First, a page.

The second bill of one-acts in this year’s Ensemble Studio Theatre Marathon consists of three plays by different writers, all of which work variants on that old entertainment standby, the Eternal Triangle: one man, one woman, and one obstacle to their happy communion. The plays vary as widely in quality as they do in tone, but their overall vitality gives the evening a heartening feel: It’s nice to know there’s still something left for writers to find in the most overworked of all dramatic topics.
The best item of the evening is also its last and its darkest, a somber poison pill at the bottom of what is otherwise largely a fluffy dessert dish: David Mamet’s Home. The title, as you’ve already guessed, is brutally ironic. Following two plays that mainly deal with courtship, Mamet’s focuses on a marriage that has gone rotten. Robert (Victor Slezak) and Claire (Katherine Leask), both busy pursuing careers, seem to have ceased to care for each other almost entirely. When not bickering, in fragmented speeches full of repetition and crisscross, they address each other in those haughty, flatly abstract Mamet sentences that suggest the verbal equivalent of people whacking each other over the head with slats of plywood. (She: “I find unfortunate your formed and perfectly measured expressions.” He: “The problem is not my expressions, the problem is you loathe me.”)
Here the apex of the triangle is the couple’s daughter, offstage and never seen—an obstacle not to the couple’s getting together but to their breaking apart. Clues in the text tell us that little Nora—talk about names with ironic significance—has already been deeply damaged by the tension in this house; she needs both medication and an inhaler. Robert has been offered a new and better-paying job that involves transfer to another city; Claire, steeped in her own work, is just as determined to stay where she is, and keep her daughter with her. Threats, lawsuits, and shrill confrontations flare up before the play’s three brief scenes, running a taut 20-odd minutes, come to what isn’t so much an ending as a sort of disgruntled collapse, leaving the couple in the same miserable state where they started, only with a little more resentment to fuel their future bickering. Curt Dempster’s staging keeps this emotional ping-pong match active but never needlessly busy. Leask, whom I’ve never seen before, gives a striking performance of a woman driven to the edge of shrewishness and hating herself for it; Slezak, cunningly, plays her soft-spoken Mr. Nice Guy of a spouse in ways that constantly suggest the bully hiding beneath his pose of victim.
Home‘s relentless negativity, its almost eager plunge into the hatred that two people can work up for each other, makes a paradoxically exhilarating finish to an evening in which the fun-making of the first two-thirds is rather sad. The characters in the two preceding plays are love-struck sad cases, their situations stretched by the authors beyond probability. David Lindsay-Abaire’s Crazy Eights, which shares the evening’s second half with the Mamet, is the simplest and lightest work of the trio, with only a few verbal flickers and twists of event to show off its author’s odd penchant, familiar since Fuddy Meers, for merging innocent whimsy with a faintly morbid appetite for the grotesque. The unloving couple of Crazy Eights are a first-offense druggie trying to get straight (Rosie Perez) and her helpless doofus of a parole officer (Keith Reddin), whose idea of keeping tabs on her is to break into her apartment to make sure she’s home by curfew. You can imagine neighborhoods in which his behavior would be found less whimsically appealing than Lindsay-Abaire’s view of it.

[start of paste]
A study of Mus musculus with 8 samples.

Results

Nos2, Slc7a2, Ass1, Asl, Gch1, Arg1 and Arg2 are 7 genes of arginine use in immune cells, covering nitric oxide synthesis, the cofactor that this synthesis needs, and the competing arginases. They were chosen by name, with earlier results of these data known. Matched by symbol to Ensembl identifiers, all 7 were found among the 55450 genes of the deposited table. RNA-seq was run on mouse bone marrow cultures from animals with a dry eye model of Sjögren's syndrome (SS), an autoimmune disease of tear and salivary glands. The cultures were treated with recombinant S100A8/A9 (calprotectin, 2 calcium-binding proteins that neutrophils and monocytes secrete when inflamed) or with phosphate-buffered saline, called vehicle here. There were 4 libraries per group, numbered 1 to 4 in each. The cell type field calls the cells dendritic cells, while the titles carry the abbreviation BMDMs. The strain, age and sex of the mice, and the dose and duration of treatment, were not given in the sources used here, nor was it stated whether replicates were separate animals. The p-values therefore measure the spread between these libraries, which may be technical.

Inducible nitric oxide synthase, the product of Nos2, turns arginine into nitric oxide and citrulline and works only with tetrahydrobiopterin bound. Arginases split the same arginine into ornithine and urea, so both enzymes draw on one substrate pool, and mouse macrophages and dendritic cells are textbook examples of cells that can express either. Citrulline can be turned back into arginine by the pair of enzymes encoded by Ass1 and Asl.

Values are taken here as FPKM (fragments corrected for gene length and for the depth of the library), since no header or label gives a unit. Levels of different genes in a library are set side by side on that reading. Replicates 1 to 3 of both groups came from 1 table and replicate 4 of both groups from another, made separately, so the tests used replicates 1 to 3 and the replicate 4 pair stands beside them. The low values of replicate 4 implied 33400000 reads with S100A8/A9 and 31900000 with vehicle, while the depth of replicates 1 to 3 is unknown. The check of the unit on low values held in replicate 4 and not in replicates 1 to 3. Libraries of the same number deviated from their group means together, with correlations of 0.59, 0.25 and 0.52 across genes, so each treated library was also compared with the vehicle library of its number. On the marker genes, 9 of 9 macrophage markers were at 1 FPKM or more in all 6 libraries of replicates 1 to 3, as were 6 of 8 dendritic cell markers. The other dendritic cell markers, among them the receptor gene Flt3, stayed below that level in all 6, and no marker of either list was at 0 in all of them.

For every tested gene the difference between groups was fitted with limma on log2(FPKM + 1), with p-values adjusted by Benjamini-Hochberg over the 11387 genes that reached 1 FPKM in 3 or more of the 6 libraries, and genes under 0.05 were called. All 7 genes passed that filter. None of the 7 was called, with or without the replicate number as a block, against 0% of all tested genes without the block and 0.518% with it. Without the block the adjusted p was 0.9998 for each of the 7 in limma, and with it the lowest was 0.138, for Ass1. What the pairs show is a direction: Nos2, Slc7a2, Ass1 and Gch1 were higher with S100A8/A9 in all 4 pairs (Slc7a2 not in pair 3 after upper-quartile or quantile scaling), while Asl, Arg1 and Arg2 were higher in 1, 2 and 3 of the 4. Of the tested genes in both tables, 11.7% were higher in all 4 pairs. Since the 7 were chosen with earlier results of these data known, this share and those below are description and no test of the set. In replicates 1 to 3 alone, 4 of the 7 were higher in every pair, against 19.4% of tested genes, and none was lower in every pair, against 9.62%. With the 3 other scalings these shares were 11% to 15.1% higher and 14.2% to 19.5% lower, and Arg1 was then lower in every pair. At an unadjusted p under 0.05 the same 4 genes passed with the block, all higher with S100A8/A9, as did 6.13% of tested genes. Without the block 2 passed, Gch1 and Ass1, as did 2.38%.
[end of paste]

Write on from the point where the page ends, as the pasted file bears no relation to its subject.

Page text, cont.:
Once the gigantic initial implausibilities are out of the way, though, the relationship is treated more or less convincingly. And since the three characters, in Brian Mertes’s fluid, easygoing production, are all played by genuinely appealing actors, the short and straightforward piece becomes easy enough to like. Rosie Perez, playing the resentful parolee with an arrowlike directness of purpose and dignified, unforced pathos, brings her character genuine emotional intensity. Keith Reddin, stuck with the more improbable role of a legal bureaucrat out of a vaudeville sketch, gives it dimension with his ready supply of wistful gentility. And Tom Pelphrey invests the third character blocking Reddin’s efforts with a show-stealing, slack-jawed amiability, so charming it takes a while for you to realize that his character is merely another variation on the gay best friend as Fairy Godmother, as predictable as all the other stuff on which Lindsay-Abaire spins his whipped-cream-plus-acid variants.
Cherie Vogelstein’s Love Is Deaf, an hour-long piece that occupies the first half of the bill, is like a string of interlocking triangles, a would-be comedy in which A loves B who loves C who loves D. Every now and then Vogelstein gets off a tolerable joke, but her notion of the vagaries of love—which tends to drive her characters to near-suicidal acts of despair—is even more cartoonishly whimsical than Lindsay-Abaire’s, and she doesn’t have his ability to spin his whimsies away lightly. Nor has director Jamie Richards provided her with a cast skilled at displaying their emotional dementias gracefully, though Grant Shaud and Geneva Carr, as the play’s principal repositories of angst, do tolerably well.